Knowing when to sell a wine is just as important as knowing which wine to sell. Our criteria guide below offers some tips on when to sell a particular bottle at an iDealwine Online Auction.
1. The “peak” effect
An important consideration when selling a wine is the time frame during which it will taste the best. Auction buyers are generally looking for ready-to-drink vintages and buyers are, for example, more interested in 1990 Bordeaux at the moment than 2010. With a few exceptions, a wide range of vintages – eg. 1995 to 2005 – can be sold when the wine has a less impressive pedigree, for example Cru Bourgeois from Médoc.
The reason for selling a wine should generally be: when will the wine really be ready to drink?
2. The “anniversary” effect
Buyers are often interested in aged wines from specific years if it relates to the birthday of a friend or family member. Birthdays corresponding with a change of decade – 20, 30, 40 or 50 years – are particularly popular. 2015 will therefore be a good time to sell your 1995, 1985, 1975 or 1965 vintages.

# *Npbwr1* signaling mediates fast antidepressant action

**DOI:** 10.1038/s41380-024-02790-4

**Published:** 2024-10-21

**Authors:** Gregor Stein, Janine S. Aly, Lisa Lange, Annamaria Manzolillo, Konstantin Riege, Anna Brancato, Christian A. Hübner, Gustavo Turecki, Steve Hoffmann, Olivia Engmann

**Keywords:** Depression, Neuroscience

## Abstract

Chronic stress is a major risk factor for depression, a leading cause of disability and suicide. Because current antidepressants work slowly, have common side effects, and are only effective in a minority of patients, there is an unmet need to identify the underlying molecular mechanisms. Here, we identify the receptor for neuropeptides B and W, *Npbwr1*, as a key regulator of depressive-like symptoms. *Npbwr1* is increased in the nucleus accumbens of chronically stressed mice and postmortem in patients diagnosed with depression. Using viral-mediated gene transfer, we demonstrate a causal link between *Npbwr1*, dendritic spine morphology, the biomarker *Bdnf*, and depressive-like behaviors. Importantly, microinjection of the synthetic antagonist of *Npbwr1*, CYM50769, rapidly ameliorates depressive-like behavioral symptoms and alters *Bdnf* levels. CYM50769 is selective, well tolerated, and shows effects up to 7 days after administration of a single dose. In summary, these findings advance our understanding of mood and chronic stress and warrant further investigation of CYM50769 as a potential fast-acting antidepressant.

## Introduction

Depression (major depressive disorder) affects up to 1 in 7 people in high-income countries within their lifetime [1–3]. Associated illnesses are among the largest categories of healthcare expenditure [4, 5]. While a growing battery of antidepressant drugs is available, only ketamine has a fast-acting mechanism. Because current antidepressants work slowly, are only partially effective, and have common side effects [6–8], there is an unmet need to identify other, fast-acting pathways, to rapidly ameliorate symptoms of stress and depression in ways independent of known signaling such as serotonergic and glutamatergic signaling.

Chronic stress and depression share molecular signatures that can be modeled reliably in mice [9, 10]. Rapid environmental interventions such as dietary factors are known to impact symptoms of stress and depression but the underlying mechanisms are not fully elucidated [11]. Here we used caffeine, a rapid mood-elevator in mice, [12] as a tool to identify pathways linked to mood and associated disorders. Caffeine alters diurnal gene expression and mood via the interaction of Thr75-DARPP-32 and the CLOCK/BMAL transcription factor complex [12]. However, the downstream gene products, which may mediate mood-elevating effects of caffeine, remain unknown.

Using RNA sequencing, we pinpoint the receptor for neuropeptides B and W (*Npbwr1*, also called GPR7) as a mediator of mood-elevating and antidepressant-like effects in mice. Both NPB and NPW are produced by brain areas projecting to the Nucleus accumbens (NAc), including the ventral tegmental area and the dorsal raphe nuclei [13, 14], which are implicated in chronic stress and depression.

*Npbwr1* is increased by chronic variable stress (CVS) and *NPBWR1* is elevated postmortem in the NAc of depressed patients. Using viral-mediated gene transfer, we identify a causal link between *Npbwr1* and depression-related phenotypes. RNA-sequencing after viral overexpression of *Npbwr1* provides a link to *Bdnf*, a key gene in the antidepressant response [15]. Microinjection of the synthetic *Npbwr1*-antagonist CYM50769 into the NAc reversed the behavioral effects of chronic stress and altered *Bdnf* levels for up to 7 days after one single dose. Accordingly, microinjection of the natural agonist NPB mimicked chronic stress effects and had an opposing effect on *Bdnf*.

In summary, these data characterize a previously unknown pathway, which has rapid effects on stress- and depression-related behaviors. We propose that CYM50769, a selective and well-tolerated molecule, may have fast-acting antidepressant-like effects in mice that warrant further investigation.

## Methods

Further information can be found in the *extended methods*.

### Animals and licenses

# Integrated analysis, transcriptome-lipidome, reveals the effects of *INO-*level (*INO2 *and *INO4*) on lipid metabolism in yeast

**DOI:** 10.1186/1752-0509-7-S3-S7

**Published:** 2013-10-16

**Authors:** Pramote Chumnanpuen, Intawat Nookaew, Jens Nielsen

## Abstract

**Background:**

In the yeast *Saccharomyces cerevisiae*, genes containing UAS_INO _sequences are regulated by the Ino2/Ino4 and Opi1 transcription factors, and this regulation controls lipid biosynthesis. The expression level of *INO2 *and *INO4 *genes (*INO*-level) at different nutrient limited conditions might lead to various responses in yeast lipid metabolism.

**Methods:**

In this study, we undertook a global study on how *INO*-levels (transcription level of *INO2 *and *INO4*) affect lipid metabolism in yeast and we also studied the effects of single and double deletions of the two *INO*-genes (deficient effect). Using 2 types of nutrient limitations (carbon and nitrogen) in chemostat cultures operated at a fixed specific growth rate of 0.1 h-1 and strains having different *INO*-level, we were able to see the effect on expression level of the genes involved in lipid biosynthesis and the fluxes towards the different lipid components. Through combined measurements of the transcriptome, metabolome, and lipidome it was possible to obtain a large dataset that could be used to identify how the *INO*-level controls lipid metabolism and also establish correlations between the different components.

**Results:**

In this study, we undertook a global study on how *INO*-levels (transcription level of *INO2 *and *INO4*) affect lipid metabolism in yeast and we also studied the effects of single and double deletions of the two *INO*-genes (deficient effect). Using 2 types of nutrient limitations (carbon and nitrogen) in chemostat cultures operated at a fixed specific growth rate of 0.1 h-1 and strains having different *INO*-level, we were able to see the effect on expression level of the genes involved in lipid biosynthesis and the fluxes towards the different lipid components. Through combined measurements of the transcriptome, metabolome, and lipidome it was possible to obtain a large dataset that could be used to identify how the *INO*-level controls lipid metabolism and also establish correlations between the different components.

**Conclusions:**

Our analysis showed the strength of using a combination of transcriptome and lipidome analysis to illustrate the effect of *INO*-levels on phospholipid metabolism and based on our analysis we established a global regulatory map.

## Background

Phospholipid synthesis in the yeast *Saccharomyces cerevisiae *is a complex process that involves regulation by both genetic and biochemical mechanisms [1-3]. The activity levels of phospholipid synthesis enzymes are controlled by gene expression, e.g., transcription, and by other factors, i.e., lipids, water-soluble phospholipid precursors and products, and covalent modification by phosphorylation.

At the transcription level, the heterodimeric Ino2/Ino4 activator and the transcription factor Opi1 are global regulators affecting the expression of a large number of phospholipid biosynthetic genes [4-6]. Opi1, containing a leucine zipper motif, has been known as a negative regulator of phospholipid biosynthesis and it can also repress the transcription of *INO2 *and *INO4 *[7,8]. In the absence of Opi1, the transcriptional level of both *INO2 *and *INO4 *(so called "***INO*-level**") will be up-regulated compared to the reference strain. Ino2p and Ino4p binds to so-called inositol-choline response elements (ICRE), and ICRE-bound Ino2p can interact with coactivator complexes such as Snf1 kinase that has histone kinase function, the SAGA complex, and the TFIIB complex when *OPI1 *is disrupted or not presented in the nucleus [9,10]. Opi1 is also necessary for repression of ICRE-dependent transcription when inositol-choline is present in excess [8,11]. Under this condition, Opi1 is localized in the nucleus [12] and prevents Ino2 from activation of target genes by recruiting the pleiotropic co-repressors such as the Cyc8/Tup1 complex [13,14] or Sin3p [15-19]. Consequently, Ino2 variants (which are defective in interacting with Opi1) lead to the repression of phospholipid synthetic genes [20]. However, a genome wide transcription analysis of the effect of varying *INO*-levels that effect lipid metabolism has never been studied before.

3. The “rarity” effect
Certain wines will become scarcer over time, for different reasons. Excluding wines that are rare by definition, such as Romanée Conti, some will gain popularity years after being released.
On the other hand, some lesser vintage wines from Bordeaux (Petrus, Ausone, etc.) or Burgundy will remain sought-after – and bought for high prices – by those wanting to complete their collections. Keep an eye on the auction market to see if you are perhaps in possession of such a bottle.
4. The « fortune-telling » effect
It isn’t always easy to know which are the most coveted wines today, never mind which will be the most popular tomorrow. Who doesn’t dream of buying a particular vintage wine that will shine on auction in 10 to 15 years? This is no easy feat, but by reading and listening to all that is said about wines in the press or forums will enable you to make an educated guess.
So, with buyers moving away from Bordeaux (and probably Burgundy soon), which regions and appellations will they look to next? Châteauneuf-du-Pape is perhaps too large to become a speculative region as a whole, but smaller areas of Charvin or Giraud might enjoy some fame in the future. The same applies to Arnaud Ente of Burgundy or Thomas Pico of Chablis. And keep an eye out for certain domaines in Burgundy that were recently taken over with the aim of producing better quality wine.